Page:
D. Agudelo et al. (JUN 2017)
Nature methods 14 6 615--620
Marker-free coselection for CRISPR-driven genome editing in human cells.
Targeted genome editing enables the creation of bona fide cellular models for biological research and may be applied to human cell-based therapies. Therefore, broadly applicable and versatile methods for increasing its efficacy in cell populations are highly desirable. We designed a simple and robust coselection strategy for enrichment of cells with either nuclease-driven nonhomologous end joining (NHEJ) or homology-directed repair (HDR) events by harnessing the multiplexing capabilities of CRISPR-Cas9 and Cpf1 systems. Selection for dominant alleles of the ubiquitous sodium/potassium pump (Na+/K+ ATPase) that rendered cells resistant to ouabain was used to enrich for custom genetic modifications at another unlinked locus of interest, thereby effectively increasing the recovery of engineered cells. The process is readily adaptable to transformed and primary cells, including hematopoietic stem and progenitor cells. The use of universal CRISPR reagents and a commercially available small-molecule inhibitor streamlines the incorporation of marker-free genetic changes in human cells.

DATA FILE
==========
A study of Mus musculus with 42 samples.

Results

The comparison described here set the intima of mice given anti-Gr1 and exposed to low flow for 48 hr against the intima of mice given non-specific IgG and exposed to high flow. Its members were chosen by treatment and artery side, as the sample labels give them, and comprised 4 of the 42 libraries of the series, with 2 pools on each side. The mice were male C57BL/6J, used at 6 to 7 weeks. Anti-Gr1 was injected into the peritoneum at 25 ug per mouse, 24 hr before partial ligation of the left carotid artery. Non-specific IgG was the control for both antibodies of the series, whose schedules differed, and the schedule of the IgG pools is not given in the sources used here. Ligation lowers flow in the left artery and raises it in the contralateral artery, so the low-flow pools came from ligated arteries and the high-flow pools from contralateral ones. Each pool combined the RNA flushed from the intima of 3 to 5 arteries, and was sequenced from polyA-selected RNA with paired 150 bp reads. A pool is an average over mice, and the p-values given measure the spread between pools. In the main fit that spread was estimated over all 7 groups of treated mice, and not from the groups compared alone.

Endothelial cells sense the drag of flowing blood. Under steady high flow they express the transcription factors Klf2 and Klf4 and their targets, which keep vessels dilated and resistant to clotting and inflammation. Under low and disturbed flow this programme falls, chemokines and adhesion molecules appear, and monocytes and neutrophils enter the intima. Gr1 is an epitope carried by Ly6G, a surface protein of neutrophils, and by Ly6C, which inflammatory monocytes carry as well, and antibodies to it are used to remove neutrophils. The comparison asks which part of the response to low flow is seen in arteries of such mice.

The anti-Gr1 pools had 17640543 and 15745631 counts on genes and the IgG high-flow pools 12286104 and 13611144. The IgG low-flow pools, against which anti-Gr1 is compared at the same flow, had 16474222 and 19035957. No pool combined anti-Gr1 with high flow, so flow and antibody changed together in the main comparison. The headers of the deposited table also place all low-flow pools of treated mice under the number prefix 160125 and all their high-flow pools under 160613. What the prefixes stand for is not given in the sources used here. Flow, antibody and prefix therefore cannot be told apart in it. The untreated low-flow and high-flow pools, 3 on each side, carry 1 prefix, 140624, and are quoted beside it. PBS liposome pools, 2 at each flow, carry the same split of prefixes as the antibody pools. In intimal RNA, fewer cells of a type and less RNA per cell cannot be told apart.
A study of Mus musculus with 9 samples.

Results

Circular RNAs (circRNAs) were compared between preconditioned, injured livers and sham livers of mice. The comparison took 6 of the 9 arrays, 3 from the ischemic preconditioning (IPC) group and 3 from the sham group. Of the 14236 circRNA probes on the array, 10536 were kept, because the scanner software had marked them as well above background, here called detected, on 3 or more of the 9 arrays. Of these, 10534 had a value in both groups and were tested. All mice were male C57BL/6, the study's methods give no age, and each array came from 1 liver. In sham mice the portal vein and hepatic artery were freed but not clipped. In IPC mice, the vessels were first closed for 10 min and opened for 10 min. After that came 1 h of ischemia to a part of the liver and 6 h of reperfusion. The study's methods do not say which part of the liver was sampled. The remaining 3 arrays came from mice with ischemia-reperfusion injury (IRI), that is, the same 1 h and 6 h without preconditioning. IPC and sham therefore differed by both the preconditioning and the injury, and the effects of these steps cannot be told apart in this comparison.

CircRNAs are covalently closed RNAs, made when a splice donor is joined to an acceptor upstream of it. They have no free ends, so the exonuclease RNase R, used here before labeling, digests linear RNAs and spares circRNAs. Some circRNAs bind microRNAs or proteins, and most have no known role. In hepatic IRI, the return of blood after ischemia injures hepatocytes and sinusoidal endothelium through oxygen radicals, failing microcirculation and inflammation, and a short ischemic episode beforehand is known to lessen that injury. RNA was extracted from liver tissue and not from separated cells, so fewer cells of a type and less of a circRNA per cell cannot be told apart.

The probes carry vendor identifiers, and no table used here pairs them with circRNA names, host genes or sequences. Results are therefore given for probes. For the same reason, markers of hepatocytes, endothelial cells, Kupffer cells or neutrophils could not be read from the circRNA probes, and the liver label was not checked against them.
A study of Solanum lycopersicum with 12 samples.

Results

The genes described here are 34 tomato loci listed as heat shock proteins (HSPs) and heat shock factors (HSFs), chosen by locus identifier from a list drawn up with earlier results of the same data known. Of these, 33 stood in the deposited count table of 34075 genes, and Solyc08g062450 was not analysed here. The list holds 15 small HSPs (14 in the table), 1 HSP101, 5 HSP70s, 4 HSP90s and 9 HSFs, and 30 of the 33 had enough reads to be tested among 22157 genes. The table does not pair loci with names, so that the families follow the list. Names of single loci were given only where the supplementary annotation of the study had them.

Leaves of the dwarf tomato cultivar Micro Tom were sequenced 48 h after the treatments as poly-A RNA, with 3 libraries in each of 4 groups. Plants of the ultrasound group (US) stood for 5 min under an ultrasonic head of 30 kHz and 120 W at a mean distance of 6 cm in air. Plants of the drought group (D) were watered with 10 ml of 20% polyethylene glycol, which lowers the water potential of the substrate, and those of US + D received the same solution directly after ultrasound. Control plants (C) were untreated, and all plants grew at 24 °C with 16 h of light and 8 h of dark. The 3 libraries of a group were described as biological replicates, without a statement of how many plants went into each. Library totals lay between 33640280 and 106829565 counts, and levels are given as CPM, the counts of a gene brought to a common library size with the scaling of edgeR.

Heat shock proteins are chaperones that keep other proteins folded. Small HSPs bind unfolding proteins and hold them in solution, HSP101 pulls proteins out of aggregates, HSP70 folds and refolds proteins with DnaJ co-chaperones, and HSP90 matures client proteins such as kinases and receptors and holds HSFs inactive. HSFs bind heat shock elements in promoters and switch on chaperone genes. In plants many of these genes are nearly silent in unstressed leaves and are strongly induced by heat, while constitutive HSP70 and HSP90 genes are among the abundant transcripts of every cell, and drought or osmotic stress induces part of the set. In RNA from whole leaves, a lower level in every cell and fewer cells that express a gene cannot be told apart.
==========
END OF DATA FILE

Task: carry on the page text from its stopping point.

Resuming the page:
TPO, Human, Recombinant
StemSpan™ CD34+ Expansion Supplement (10X)
EasySep™ Human CD34 Positive Selection Kit
Wu X et al. (JAN 2018)
Cell 172 3 423--438.e25
Intrinsic Immunity Shapes Viral Resistance of Stem Cells.
Stem cells are highly resistant to viral infection compared to their differentiated progeny; however, the mechanism is mysterious. Here, we analyzed gene expression in mammalian stem cells and cells at various stages of differentiation. We find that, conserved across species, stem cells express a subset of genes previously classified as interferon (IFN) stimulated genes (ISGs) but that expression is intrinsic, as stem cells are refractory to interferon. This intrinsic ISG expression varies in a cell-type-specific manner, and many ISGs decrease upon differentiation, at which time cells become IFN responsive, allowing induction of a broad spectrum of ISGs by IFN signaling. Importantly, we show that intrinsically expressed ISGs protect stem cells against viral infection. We demonstrate the in vivo importance of intrinsic ISG expression for protecting stem cells and their differentiation potential during viral infection. These findings have intriguing implications for understanding stem cell biology and the evolution of pathogen resistance.